It only makes sense, and scientific studies confirm it; that our furry friends (and even those that aren’t so furry) increase our happiness. Pets are so much more than that; they’re our best friends and family members.
We’ve all heard stories of a “hero dog” that saved a life, of dogs that preform acts of service and courage on a daily bases helping their humans companions with physical challenges. It’s not just dogs, human interest stories are shared across the media about animals that have done amazing things to save someone.
For most of us it’s not their hero qualities but their unconditional love that brings so much happiness.
How many children had their first lessons about care giving and responsibility because of their first pet?
Our animal friends ease loneliness, reduce stress, promote social interaction, encourage exercise and playfulness.
Recent studies on the positive effect of animal companionship show that the physical and mental health benefits reach beyond simple companionship or even their “hero” qualities.
J. Segal, Ph.D. of Helpguide.org noted that research indicated, “That pet owners are less likely to suffer from depression than those without pets.”
People with animal companions have a reduced incidences of heart disease and heal more quickly after surgery.
Kristen Houghton, writing in the Huffington Post, mentioned how the American Association of Human-Animal Bond Veterinarians explained that the bond that we have with our pets is “a mutually beneficial and dynamic relationship. The touching of our pets and the closeness of the relationship with them is spiritual.”
Besides lowering blood pressure there are a number of other health benefits for pet owners including increased levels of the happy chemicals, serotonin and dopamine, in the brain which helps contribute to reduce levels of anxiety. Also, many people have a hard time maintaining an exercise regimen but are more likely to go for a walk with their animals.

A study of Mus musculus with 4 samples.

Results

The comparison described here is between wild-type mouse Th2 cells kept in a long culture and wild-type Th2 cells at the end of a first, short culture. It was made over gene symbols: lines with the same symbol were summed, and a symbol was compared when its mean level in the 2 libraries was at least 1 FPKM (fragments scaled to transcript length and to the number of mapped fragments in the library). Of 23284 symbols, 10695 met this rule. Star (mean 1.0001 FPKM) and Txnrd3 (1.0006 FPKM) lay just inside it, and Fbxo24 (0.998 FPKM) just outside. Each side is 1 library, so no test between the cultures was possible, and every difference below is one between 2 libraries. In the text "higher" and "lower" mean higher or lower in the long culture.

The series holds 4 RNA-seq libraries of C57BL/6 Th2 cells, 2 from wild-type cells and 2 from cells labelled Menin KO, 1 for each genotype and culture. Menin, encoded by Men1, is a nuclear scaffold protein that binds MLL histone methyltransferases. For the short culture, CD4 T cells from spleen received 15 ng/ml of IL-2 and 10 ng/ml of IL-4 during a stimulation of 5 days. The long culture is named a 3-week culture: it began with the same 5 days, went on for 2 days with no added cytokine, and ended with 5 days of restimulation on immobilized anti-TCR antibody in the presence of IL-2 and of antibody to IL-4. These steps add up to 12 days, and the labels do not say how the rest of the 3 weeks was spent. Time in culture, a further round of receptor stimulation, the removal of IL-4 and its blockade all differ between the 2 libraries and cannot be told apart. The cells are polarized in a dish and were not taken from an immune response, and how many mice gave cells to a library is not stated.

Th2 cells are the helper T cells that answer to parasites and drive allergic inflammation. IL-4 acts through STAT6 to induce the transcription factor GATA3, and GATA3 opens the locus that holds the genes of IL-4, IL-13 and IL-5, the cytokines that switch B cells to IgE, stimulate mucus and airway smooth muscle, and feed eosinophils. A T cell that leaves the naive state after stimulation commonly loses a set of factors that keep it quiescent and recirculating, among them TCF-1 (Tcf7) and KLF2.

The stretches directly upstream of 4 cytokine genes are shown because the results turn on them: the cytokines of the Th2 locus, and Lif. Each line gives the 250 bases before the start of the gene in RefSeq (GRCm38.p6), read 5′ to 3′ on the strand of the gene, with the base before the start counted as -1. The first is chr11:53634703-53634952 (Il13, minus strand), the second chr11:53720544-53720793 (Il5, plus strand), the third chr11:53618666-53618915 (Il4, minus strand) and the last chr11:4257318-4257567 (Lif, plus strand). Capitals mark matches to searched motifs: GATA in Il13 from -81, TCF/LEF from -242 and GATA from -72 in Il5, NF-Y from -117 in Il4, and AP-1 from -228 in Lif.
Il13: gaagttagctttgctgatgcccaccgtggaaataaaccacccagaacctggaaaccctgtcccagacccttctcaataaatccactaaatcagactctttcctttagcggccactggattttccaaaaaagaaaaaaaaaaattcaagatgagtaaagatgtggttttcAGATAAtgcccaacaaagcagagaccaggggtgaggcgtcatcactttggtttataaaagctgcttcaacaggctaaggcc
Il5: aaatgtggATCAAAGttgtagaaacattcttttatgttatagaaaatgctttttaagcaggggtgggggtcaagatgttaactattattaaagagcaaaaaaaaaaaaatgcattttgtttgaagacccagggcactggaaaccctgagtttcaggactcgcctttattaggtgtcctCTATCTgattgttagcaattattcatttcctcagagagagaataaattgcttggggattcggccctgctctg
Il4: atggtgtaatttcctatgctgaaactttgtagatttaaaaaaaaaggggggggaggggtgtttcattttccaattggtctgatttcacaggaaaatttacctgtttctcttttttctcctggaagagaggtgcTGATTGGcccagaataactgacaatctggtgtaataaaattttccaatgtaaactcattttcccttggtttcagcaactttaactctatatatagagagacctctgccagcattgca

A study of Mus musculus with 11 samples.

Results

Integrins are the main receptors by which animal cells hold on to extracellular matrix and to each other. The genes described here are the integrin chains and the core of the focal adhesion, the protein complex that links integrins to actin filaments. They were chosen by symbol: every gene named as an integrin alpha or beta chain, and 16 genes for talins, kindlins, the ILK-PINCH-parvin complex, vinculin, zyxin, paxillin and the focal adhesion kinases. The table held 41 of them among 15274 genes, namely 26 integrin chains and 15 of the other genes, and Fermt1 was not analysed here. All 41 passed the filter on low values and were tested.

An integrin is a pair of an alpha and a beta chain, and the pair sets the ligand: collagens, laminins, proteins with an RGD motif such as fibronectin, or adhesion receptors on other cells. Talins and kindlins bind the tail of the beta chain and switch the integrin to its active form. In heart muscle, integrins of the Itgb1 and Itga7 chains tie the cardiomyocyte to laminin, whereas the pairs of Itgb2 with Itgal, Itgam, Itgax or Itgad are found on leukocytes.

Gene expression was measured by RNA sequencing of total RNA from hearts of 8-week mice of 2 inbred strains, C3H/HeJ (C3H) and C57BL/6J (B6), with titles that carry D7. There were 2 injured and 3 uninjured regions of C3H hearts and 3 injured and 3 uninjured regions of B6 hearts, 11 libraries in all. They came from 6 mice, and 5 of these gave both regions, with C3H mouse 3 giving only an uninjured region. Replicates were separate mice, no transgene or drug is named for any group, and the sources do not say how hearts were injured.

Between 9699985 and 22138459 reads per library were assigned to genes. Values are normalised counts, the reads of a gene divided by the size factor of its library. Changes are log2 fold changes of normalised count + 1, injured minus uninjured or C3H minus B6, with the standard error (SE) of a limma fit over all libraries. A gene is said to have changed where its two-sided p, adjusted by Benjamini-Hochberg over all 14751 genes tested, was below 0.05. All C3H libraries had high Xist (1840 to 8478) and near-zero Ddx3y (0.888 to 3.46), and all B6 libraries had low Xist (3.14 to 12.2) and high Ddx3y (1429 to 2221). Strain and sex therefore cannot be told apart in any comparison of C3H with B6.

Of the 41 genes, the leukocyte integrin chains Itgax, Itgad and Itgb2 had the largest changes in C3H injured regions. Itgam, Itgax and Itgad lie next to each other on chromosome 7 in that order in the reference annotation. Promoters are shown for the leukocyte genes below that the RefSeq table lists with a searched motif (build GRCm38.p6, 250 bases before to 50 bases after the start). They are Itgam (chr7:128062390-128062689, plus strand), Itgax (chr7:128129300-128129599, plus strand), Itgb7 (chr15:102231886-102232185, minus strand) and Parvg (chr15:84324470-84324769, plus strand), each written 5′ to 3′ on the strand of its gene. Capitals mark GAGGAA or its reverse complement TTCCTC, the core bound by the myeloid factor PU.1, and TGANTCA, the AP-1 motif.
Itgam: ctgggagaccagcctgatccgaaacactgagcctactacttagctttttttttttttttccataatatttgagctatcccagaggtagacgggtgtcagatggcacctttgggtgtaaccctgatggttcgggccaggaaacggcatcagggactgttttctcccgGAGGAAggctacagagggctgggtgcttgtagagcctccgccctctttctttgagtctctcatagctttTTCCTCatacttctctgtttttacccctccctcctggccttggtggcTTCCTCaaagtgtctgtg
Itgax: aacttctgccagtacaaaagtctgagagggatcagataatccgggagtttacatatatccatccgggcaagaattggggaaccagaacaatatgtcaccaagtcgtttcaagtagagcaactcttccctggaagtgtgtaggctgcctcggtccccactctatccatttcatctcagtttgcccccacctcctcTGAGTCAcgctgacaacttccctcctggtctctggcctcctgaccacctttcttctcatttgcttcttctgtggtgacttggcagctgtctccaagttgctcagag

In case of traumatic life events the warmth and unconditional love of our furry companions can dramatically reduce suffering and pain.
This effect is so powerful that even “simulated” animal companions can reduce suffering, as was the case for residents of an aged care facility in Australia.
In the program the residents “played” with realistic robotic “harp seals” called PARO, and, “Using clinical dementia measurements the researchers determined what impact PARO had on the participants in terms of anxiety, depression, and overall quality of life.” (See video below)
The results revealed that PARO had a significantly positive influence on quality of life and reduced any signs of anxiety.”
The numbers tell it all; people who have pets in their homes are happier, less stressed, live longer and weigh less than those who don’t.
Our animal friends influence our lives for the better.
We don’t need a study to tell us what we know is true in our hearts, that the creatures we share our lives with, whom accept us for who we are, love us unconditionally.
Our animal companions are the very definition of unconditional love and because they are we experience the all benefits and joy of unconditional happiness!